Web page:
Digital Brands is chasing growth. At the same time, it is trying to outrun financial distress.
The company disclosed in its 10-K that it may have to file for bankruptcy protection, or seek other options, if the company cannot come up with sufficient funds to run operations.
The bankruptcy language was not included in the company's most recent prospectus or quarterly filings. Its latest S-1, as well as the 10-K, included a "going concern" warning that it might not be able to survive without sufficient capital.
Digital Brands — which went public last May and owns Stateside, Bailey 44 and other apparel brands — reported that fourth quarter revenue rose 425% to $4 million and annual revenue rose nearly 45% to $7.6 million. Net losses also roughly tripled from the previous year to $32.4 million in 2021.
The significant sales expansion last year included both acquisitions and organic growth. The company said in its earnings report that it experienced growth across all of its brands.
"We know that the hardest piece of growing a business is [going from] zero to one, we've shifted through that," Hil Davis, Digital Brands' CEO, said in a conference call Thursday. "And now we're taking that momentum, and we're going to just continue to accelerate it and move forward."
The direct-to-consumer specialist's model is based on acquisitions. In January, the company struck a deal to acquire the women's apparel brand Sundry — which is contingent on financing and other closing conditions — after picking up Stateside last summer. Ultimately the company aims to develop a platform to cross-sell to consumers across its portfolio while expanding into beauty and home goods as well.
But first it has to survive.
The company has been listed on S&P Global Market Intelligence's list of most vulnerable retail companies. Digital Brands ended 2021 with a working capital deficit of $30.3 million. It had $528,395 in cash, down from last year when the company was smaller. The company also owes $6 million to a secured lender, which matures in December.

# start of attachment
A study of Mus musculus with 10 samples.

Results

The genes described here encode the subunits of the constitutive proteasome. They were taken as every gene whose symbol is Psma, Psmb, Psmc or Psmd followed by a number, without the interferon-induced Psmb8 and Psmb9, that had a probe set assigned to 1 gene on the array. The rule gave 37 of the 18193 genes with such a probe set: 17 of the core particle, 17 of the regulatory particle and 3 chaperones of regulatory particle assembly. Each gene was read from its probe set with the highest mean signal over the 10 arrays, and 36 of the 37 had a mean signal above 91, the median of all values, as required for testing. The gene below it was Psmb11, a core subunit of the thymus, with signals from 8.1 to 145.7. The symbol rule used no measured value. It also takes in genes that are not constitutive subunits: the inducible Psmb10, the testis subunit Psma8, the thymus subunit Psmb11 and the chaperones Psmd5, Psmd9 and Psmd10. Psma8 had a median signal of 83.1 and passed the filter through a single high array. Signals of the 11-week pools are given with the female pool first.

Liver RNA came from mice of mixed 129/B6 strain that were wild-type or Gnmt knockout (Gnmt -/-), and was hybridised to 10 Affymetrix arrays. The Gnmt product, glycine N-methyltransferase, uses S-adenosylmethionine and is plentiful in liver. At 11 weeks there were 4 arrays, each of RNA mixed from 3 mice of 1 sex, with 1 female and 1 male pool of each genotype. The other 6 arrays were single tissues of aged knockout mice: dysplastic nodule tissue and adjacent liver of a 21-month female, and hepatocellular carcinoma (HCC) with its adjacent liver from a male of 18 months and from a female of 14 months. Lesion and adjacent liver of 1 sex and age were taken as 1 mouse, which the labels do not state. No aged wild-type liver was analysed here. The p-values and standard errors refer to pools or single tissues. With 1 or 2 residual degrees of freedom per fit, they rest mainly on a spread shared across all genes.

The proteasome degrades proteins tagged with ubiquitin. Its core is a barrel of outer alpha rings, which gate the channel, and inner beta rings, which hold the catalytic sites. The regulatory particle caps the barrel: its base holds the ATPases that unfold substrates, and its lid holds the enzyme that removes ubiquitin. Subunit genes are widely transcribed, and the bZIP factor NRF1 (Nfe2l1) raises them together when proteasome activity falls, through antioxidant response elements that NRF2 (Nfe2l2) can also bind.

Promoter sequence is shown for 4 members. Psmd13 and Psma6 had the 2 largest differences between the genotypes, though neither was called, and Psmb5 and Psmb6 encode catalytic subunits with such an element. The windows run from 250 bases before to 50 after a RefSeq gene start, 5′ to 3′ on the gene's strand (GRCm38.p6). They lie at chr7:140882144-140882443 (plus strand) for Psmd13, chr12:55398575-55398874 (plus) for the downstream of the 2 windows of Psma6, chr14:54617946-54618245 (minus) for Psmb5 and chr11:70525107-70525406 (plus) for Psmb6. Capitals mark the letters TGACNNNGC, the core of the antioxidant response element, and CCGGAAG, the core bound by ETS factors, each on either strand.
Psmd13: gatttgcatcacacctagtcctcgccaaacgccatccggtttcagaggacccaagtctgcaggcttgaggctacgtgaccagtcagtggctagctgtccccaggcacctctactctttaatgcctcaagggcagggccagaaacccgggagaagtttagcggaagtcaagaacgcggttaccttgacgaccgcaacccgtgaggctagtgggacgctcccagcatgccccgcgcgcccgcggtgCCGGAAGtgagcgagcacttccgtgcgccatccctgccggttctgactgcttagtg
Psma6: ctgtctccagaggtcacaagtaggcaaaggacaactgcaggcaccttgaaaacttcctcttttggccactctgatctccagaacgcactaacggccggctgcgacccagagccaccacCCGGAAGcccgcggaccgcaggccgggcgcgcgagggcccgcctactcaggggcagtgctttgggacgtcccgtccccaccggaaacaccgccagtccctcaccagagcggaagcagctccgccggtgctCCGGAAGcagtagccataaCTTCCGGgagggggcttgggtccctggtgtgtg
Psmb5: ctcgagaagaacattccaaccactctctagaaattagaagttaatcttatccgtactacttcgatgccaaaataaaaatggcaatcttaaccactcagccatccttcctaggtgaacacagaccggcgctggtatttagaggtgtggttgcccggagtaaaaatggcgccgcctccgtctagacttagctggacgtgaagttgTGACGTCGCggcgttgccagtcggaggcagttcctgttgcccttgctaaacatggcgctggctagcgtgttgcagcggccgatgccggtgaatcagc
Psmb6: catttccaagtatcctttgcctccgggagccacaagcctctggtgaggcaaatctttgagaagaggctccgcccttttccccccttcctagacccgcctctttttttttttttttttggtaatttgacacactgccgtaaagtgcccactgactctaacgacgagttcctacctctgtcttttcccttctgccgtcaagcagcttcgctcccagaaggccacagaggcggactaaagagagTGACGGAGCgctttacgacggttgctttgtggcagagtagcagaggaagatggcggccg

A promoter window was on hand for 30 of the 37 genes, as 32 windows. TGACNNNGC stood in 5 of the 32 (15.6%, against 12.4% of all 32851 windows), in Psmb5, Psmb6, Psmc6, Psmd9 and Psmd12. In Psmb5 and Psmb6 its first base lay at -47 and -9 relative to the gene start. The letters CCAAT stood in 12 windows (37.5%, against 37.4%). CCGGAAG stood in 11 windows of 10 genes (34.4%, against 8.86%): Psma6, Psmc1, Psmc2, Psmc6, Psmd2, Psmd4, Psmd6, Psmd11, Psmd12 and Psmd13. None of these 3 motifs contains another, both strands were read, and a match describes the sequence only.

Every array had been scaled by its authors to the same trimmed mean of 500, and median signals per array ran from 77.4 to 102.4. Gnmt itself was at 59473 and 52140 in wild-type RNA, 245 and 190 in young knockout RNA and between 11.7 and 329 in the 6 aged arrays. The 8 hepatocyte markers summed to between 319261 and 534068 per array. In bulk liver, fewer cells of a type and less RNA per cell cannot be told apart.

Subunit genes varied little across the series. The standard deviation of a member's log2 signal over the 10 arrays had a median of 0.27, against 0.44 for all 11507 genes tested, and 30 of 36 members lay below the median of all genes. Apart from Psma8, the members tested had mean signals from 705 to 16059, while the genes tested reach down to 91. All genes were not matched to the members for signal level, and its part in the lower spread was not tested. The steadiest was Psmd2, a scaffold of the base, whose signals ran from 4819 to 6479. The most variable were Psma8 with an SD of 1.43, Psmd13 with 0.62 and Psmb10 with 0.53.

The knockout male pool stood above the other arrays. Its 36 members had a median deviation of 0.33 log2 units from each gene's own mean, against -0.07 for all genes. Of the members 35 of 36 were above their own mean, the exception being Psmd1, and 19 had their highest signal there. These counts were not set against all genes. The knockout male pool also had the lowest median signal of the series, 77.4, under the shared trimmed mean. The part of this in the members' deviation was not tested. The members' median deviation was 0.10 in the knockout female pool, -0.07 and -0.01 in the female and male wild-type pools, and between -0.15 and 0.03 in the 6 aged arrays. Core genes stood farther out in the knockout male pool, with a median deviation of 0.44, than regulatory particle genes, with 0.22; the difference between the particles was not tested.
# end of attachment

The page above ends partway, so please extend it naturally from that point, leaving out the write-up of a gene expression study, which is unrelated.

In its 10-K, Digital Brands Group said it plans to use its equity line of credit — which it gained last year through a deal with Oasis Capital — to fund its operations through 2022.
However, Digital Brands said in its 10-K it might not be able to draw on the credit line if its shares are delisted from the Nasdaq stock exchange or trade below $3 for the five days ahead of a draw-down. The company received a warning from Nasdaq in January that it was out of compliance and could be delisted.
Digital Brands didn't respond to questions about capital availability and listing status.
As for the company's operating losses, Davis said on the call that they are primarily a result of Digital Brands' relatively small revenue numbers, and that as the company's sales grow it will be able to leverage its operating costs, thereby reducing its losses.
The risk for companies with constrained liquidity or capital shortfalls is tightened terms by vendors trying to protect their own finances. Without enough product to sell, growing revenue becomes all the more difficult.
Vendors in the past have sued the company over nonpayment of goods. In its 10-K, Digital Brands disclosed three lawsuits filed by vendors in 2020 over nonpayment, two of which were settled and a third ended in judgment against Digital Brands after it failed to meet settlement terms. Another two lawsuits were filed by third-party service providers, one of which was settled and another is still active, and an investor filed suit seeking $100,000 reimbursement from before Digital Brands' IPO.
Another vendor lawsuit, filed in 2019 by DD Apparel and still active, seeks damages over what the company said was nonpayment of $21,000 worth of goods sold and accuses Digital Brands of defamation and making misleading statements. Digital Brands has filed its own suit against the vendor over alleged failure to deliver goods, claims which DD Apparel's own lawsuit disputes.
Davis has financial troubles of his own. He filed for personal bankruptcy in December. Digital Brands is listed among his creditors, and documents show Davis has both repaid money to the company and has a balance outstanding. A creditor has subpoenaed Digital Brands in Davis' bankruptcy case, seeking detailed documents related to all aspects of the company's financial relationship with Davis, including any payments for living expenses or child support.
Despite the company's financial struggles, it is still projecting optimism about its future. The company said in March that its e-commerce sales grew a record 776% in January and February while wholesale grew 200%, though it didn't break out the growth from its existing brands compared to growth via acquisitions. On the call Thursday, Davis said the company's marketing spending has helped it acquire new customers who are already showing a propensity to repeat purchase.
"We're seeing success in every single brand we own," Davis said.